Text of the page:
World Neurosurg. (2018) 111:99-108.
Although cranioplasty is a common procedure, it may cause a variety of complications. Massive brain swelling after cranioplasty (MBSC) is an unusual complication that has been reported more frequently in recent years. Most of the existing information about this condition is speculative and the cause remains unclear.
METHODS: A PubMed and Scopus search adhering to PRISMA (Preferred Reporting Items for Systematic Reviews and Meta-Analyses) guidelines was performed to include studies reporting patients with MBSC. Different information was analyzed in these cases to describe the characteristics and identify risk factors for MBSC.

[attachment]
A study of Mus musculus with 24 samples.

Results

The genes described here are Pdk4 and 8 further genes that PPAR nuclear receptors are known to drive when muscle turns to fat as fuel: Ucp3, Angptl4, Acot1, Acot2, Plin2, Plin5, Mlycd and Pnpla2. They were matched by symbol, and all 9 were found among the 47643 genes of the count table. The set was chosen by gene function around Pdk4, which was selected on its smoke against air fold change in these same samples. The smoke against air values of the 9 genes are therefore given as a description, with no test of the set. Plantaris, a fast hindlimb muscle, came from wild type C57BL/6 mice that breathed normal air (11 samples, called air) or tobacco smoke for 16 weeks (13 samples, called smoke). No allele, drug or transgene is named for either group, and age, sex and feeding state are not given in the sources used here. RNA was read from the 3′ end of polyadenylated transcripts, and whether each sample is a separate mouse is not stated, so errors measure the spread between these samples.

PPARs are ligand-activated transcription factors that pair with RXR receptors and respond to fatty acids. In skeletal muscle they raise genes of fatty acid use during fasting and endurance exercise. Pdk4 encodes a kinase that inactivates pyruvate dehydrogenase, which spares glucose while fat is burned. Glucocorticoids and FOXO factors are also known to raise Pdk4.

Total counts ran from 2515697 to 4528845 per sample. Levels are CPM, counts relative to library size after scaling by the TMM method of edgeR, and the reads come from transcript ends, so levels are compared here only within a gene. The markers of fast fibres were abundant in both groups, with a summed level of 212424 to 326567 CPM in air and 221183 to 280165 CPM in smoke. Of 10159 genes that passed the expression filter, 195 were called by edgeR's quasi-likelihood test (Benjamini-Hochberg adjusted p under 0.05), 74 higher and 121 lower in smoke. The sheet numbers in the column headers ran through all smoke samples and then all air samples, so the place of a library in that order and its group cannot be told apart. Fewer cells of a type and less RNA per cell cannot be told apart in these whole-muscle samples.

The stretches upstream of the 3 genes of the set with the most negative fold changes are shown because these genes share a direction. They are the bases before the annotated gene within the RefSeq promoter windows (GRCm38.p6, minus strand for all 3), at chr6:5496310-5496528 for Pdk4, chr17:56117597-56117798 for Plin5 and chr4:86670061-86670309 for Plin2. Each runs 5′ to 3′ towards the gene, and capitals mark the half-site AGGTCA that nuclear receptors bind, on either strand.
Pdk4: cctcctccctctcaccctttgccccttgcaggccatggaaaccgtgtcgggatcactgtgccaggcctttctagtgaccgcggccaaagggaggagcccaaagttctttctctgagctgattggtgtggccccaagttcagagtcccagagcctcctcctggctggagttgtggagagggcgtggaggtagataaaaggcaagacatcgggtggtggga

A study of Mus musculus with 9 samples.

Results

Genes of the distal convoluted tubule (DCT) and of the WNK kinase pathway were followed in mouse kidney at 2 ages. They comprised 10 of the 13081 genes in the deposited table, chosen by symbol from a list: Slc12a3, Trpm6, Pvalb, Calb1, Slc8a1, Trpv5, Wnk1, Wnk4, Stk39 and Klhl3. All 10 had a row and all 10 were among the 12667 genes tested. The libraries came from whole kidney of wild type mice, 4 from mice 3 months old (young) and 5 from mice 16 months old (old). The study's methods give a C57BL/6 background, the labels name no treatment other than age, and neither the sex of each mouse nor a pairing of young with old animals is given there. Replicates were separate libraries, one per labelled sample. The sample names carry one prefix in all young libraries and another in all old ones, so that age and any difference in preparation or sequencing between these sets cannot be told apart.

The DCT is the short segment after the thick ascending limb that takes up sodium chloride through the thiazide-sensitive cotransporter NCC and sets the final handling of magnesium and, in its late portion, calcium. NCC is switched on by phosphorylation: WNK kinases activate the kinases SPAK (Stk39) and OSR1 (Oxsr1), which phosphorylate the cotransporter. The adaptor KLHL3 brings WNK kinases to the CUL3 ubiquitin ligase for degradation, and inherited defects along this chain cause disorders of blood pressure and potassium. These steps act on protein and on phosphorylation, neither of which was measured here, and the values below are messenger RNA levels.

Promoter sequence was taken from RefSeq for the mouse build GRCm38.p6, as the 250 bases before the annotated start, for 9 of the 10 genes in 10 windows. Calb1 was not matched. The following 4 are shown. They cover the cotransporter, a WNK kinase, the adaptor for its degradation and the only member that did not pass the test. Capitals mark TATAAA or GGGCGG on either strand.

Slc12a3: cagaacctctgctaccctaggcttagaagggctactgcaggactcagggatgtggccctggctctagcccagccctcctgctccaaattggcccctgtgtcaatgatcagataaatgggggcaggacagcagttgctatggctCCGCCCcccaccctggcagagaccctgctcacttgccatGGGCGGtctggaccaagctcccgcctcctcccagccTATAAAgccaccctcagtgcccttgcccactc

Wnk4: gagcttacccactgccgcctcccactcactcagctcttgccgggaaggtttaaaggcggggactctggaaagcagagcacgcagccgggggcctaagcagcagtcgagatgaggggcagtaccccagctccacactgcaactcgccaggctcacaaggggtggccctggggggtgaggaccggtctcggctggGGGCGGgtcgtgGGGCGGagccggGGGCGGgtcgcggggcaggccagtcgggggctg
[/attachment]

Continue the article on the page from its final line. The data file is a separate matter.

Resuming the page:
RESULTS: The search yielded 19 articles with a total of 26 patients. All studies were case reports and small case series. In most patients, preoperative intracranial hypotension and a considerable degree of sinking of skin flap were identified; this was the only constant finding observed in these cases. In addition, we propose a grading system to estimate the degree of preoperative sinking of skin flap and an algorithm with recommendations to decrease the incidence of MBSC.
CONCLUSIONS: MBSC is an unusual, highly lethal, and probably underreported condition. The information gathered in this review indicates that MBSC occurs secondary to a cascade of pathologic events triggered by the bone flap implantation. This evidence suggests that the primary pathologic change is a sudden increase in the intracranial pressure acting on a brain chronically exposed to intracranial hypotension.